Cybersecurity Awareness Training: Simple Solutions to Complex Problems

August 19, 2015

Cybersecurity is certainly topical given the number of compromises being reported in the press. As cybersecurity professionals, it can be perplexing to see organizations that focus their efforts on investments in the technology space, while often ignoring and undervaluing the investment in their own people. Many firms offer security awareness training in the form of a quick PowerPoint presentation followed by a confirmation to human resources that it has been viewed and therefore the team is “certified”.

It is human nature to assume that the negative outcomes of a breach will not happen to our organization. The reality seems to be that it is not a matter of if, but when an event could occur. When they do occur, cybersecurity breaches are catastrophic events, often attributable to weak technology and organizational controls. No matter how we try to rationalize the current state of affairs in the information technology industry, one thing remains clear: people are and will continue to be the weakest link in the cybersecurity chain, for the simple reason that we are not a precision programmable device. Our reactions from one event to the next are governed by a number of factors including our emotional and physical states. Organizations are attempting to compensate for this inherent uncertainty by leveraging advanced technology at the end-point to mitigate some of the risks. In all fairness, the number of possible scenarios that an attacker can utilize to compromise a human being is limitless.

This article is not written intending to detail the various exploits available to a malicious actor from a social engineering aspect. The fact is, it is alarmingly simple, even in some security minded organizations, to tail-gate your way into an office area, find an unlocked and unattended PC, plug a widget into a USB port and obtain credentials.

The key takeaway from this article is that cybersecurity awareness training for people in organizations (this includes internal employees, as well as external vendors and partners) is important and in many cases required by compliance programs. The actual training should not be developed only to satisfy a “check box” requirement. Security awareness training should be scoped and managed as a sub-program under the overall cybersecurity program. The program should utilize both static and active scenario learning, and should embrace emerging technologies & services to increase engagement, which includes the use of gamification techniques.

Standard cyber awareness training incorporates the actual course itself, followed by a testing phase to confirm the understanding of those that received the training. It also includes a logging capability to track those that have taken the course and monitors their comprehension of the content. On an annual basis, some programs take the stance of “rinse and repeat”, with very little change in the actual information (meaning test questions become nothing more than an opportunity for the employee to fast-forward and skip to the end). From a compliance perspective, this methodology may deliver the required result of a solid checkmark in the appropriate box, however, it does nothing for the security posture of the organization.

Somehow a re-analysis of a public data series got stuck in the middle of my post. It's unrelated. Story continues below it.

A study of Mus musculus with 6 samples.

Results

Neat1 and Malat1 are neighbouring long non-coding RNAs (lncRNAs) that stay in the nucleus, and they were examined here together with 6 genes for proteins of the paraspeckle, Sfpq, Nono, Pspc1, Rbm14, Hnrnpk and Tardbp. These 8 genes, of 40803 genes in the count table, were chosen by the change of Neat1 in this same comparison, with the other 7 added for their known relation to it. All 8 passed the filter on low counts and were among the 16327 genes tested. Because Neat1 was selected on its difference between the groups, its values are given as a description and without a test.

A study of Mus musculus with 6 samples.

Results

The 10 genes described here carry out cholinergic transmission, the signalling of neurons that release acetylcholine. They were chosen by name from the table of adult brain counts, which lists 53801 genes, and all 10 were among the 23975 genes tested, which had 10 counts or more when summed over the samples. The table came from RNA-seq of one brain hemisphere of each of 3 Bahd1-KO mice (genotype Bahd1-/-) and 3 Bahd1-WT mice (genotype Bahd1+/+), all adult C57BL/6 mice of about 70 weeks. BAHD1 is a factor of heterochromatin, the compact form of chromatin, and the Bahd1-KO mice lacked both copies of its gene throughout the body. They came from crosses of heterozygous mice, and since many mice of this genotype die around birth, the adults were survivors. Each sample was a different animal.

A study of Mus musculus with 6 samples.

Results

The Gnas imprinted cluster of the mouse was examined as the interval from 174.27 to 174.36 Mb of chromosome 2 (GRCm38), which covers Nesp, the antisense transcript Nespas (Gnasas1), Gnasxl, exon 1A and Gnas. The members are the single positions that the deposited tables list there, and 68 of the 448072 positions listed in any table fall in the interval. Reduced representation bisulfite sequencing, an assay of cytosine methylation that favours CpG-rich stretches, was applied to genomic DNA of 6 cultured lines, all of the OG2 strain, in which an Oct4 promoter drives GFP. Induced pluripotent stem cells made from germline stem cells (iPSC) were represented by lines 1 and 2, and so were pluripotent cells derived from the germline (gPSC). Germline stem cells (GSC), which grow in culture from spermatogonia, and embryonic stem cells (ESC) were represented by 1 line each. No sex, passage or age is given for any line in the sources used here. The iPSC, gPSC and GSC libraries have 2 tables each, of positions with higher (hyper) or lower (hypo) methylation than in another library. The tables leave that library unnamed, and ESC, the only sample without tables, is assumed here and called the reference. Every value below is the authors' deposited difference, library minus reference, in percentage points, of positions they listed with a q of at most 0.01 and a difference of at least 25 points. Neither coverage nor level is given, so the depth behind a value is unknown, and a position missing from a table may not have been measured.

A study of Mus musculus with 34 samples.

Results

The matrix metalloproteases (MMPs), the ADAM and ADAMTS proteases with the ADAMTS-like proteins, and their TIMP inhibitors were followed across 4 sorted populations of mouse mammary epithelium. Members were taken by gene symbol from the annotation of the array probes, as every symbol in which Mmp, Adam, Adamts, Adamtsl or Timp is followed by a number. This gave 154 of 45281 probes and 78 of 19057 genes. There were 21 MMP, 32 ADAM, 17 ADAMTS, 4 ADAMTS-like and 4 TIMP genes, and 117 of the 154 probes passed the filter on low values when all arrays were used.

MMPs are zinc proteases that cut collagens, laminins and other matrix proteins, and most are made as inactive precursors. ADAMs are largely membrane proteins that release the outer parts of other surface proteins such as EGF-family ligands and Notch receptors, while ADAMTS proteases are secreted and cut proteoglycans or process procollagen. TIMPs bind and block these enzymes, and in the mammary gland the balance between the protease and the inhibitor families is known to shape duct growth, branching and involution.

In order to increase effectiveness of cybersecurity awareness, utilizing a gamification (or a hands-on scenario based) technique, followed by a short test, helps to ensure that knowledge remains with the employee for longer than the time it took to review a PowerPoint slide. Gamification activities such as “capture the flag” can engage employees especially if recognition or awards are involved.

Other real-life scenarios that can be integrated include social engineering phone calls, tail-gaiting exercises to gain access to office areas, followed by credential theft when an employee forgets to lock their workstations. Some social engineering scenarios could include providing employees “bait” in the form of e-mail coupons that record a log of the activity once an attempt to claim them is made. Another scenario is “Free” rogue Wi-Fi that redirects DNS queries to certain pages and captures credentials. There are many such scenarios and ideas that can be implemented to build a truly engaging security awareness campaign. In order to add value to the organization’s overall security posture, the campaign should be executed on a regular basis.

Throughout each cybersecurity campaign, it is important that employees understand the reasons for the various activities. The campaign should serve as a reminder that every single employee is important to the organization’s security, and provide examples of how each team member can extend their security practices in their office or home environment.

Awareness training and employee engagement in cyber awareness training programs is a complex topic, and must be an on-going initiative that goes beyond a compliance requirement. It is critical that appropriate resources are allocated to such initiatives.

Herjavec Group has executed and advised on security awareness training programs for organizations of all sizes and we would be pleased to partner with your organization to support your overall security program or individual security needs. Engage a security specialist today to learn more


Dynamic entrepreneur Robert Herjavec founded Herjavec Group in 2003 to provide cybersecurity products and services to enterprise organizations. We have been recognized as one of the world’s most innovative cybersecurity operations leaders, and excel in complex, multi-technology environments. Our service expertise includes Advisory Services, Technology Architecture & Implementation, Identity Services, Managed Security Services, Threat Management and Incident Response. Herjavec Group has offices and Security Operations Centers across the United States, United Kingdom and Canada.